Running Towards History

Kara Shea
Norwood resident strives for marathon medal
Issue Date: 
April, 2019
Article Body: 

Since its inception in April 1897, The Boston Marathon, the world’s oldest annual marathon, has garnered the attention of Massachusetts residents and the world alike.
As the brain child of Olympic Team Manager John Graham, assisted by businessman Herbert H. Holton, the first race measured a distance of 24.5 miles, and had a mere 15 participants.
According to the Boston Athletic Association(BAA), “since 1986, the men’s and women’s open division course records have improved a combined eight times and the field size has grown from 4,904 entrants to 30,000 in recent years. [The Centennial Boston Marathon in 1996 established a record as the worlds largest marathon, with 38,708 entrants.] The Boston Marathon also attracts approximately 500,000 spectators each year, making it New England’s most widely viewed sporting event”.
One of the main reasons why the Boston Marathon is so appealing to runners is due to the qualifications one needs to participate. Unlike other marathons, the runners need to meet a specific qualifying time on a predetermined type of course.
If a runner qualifies, registration occurs on a “rolling admission” schedule, beginning with the fastest qualifiers, and remains open until all qualifier spots had been filled. Preference is given to those who had run the fastest under their age and gender qualifying standard. Registration is held in September of the year prior to the marathon.
However, there are those who do not have to qualify to run the marathon as “the BAA sets aside a few thousand numbers for runners affiliated with one of the marathon’s official charities. The charities are given numbers to distribute to runners, who usually pledge to raise a substantial amount of money for the charity. Charity runners go through the charity they're running for, rather than the qualifier registration system, to sign up for the marathon. Charities open registration for their available numbers at various times during the year.”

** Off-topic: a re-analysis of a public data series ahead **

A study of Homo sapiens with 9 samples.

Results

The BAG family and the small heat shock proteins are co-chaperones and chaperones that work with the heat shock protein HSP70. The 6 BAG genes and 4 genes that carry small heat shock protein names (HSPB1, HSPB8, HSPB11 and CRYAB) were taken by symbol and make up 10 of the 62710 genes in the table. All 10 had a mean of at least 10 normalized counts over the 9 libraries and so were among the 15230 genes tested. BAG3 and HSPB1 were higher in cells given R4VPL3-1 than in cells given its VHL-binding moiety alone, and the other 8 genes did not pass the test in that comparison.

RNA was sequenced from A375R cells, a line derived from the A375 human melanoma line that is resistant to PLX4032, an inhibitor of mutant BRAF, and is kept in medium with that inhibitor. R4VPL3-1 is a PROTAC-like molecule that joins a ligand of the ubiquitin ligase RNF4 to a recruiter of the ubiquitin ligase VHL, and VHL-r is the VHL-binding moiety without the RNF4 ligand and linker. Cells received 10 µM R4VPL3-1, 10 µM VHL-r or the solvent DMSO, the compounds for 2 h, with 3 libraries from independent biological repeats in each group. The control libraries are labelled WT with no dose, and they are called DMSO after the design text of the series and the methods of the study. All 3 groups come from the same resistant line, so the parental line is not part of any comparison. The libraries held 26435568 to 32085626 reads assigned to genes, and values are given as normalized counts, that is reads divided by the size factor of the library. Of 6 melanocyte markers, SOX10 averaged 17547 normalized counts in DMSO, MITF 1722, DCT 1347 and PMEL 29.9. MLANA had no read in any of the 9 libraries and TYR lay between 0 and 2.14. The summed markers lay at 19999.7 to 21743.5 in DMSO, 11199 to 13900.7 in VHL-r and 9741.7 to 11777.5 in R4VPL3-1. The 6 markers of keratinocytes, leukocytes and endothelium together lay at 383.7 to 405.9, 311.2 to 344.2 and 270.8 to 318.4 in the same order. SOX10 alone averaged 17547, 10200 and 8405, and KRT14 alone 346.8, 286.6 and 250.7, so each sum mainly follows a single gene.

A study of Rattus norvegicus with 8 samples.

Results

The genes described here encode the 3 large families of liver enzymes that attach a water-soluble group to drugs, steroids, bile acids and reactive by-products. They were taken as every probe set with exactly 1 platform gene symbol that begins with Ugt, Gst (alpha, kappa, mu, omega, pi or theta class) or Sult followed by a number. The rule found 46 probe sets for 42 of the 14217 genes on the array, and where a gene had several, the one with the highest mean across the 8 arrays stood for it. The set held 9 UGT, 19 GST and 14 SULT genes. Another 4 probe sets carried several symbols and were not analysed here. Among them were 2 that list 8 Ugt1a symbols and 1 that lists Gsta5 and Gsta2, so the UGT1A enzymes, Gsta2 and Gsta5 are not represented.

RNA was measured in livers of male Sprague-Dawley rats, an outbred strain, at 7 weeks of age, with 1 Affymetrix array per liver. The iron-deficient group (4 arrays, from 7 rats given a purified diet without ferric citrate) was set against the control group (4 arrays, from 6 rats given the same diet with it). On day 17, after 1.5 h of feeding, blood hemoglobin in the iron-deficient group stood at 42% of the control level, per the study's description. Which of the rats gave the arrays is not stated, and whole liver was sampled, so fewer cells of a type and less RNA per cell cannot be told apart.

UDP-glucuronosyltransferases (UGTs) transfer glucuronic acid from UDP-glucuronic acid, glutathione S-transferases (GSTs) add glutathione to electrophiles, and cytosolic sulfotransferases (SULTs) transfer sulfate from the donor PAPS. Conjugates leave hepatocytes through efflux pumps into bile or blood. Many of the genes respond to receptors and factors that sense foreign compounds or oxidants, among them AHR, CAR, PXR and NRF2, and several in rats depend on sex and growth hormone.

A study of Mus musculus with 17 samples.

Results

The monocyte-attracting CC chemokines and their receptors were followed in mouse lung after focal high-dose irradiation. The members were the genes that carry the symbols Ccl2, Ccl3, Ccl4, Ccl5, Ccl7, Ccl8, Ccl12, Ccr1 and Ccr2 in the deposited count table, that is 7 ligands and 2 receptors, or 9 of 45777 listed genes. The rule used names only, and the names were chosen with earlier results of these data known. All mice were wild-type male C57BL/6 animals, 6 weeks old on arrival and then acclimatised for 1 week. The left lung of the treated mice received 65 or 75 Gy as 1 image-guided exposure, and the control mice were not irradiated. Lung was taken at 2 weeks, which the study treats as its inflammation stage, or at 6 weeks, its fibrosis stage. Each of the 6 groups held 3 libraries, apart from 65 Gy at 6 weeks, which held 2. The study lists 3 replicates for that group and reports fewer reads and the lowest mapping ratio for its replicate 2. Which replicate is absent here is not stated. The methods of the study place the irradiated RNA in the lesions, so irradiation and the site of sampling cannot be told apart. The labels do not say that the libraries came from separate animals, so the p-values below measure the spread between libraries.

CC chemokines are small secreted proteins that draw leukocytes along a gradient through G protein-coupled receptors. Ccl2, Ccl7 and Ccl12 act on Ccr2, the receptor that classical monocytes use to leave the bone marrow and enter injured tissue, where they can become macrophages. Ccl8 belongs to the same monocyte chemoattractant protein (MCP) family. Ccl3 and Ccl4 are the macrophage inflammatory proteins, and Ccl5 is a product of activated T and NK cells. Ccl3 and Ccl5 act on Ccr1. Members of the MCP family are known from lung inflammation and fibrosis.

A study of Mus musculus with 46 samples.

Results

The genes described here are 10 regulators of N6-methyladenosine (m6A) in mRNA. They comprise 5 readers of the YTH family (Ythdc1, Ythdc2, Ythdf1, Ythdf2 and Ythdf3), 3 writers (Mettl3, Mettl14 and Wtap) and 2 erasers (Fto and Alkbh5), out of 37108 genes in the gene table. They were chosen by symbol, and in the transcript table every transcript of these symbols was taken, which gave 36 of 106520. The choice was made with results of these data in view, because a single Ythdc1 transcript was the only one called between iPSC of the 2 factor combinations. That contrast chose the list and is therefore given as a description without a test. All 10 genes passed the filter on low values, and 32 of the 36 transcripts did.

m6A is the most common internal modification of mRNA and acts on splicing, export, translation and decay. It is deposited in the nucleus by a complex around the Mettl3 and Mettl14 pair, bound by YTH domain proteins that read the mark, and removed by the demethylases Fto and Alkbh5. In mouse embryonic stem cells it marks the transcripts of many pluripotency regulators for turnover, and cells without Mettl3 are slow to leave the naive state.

In 2006, the marathon partnered with London, Berlin, Chicago, and New York City to launch the Abbott World Marathon Majors (AWMM), and ultimately linked the worlds most prestigious marathons together. In 2013, Tokyo joined the mix. Runners who manage to participate in all 6 of the AWMM get a special medal to commemorate their experience and dedication.
Norwood Resident Roberta Myers will reach this prestigious goal in 2019, as she heads to London on April 28 to complete the 6th and final marathon.
“I have been running since high school,” Myers said. “I’m now 53. I have run 23 marathons so far with Boston, London, Brussels, and Millinocket in 2019. A 45 miler is on the schedule too. I love running, it keeps me healthy and happy, and I get to run with great people from the Greater Neponset Running Club.”
Although running may not be everyone’s favorite pastime as it is Myers, it is one that has continuously brought people together. Boston is known for its strong-willed people, the Duck Tours, the Patriots, Harvard- the list could go on and on. But specifically, the Boston Marathon is something that connects a beautiful city with the hundreds of thousands of people all over the world.
In addition to Myers, Norwood is well represented in the 123 Boston Marathon. Good luck to our Norwood neighbors who are taking what can be considered the most challenging running course in the world!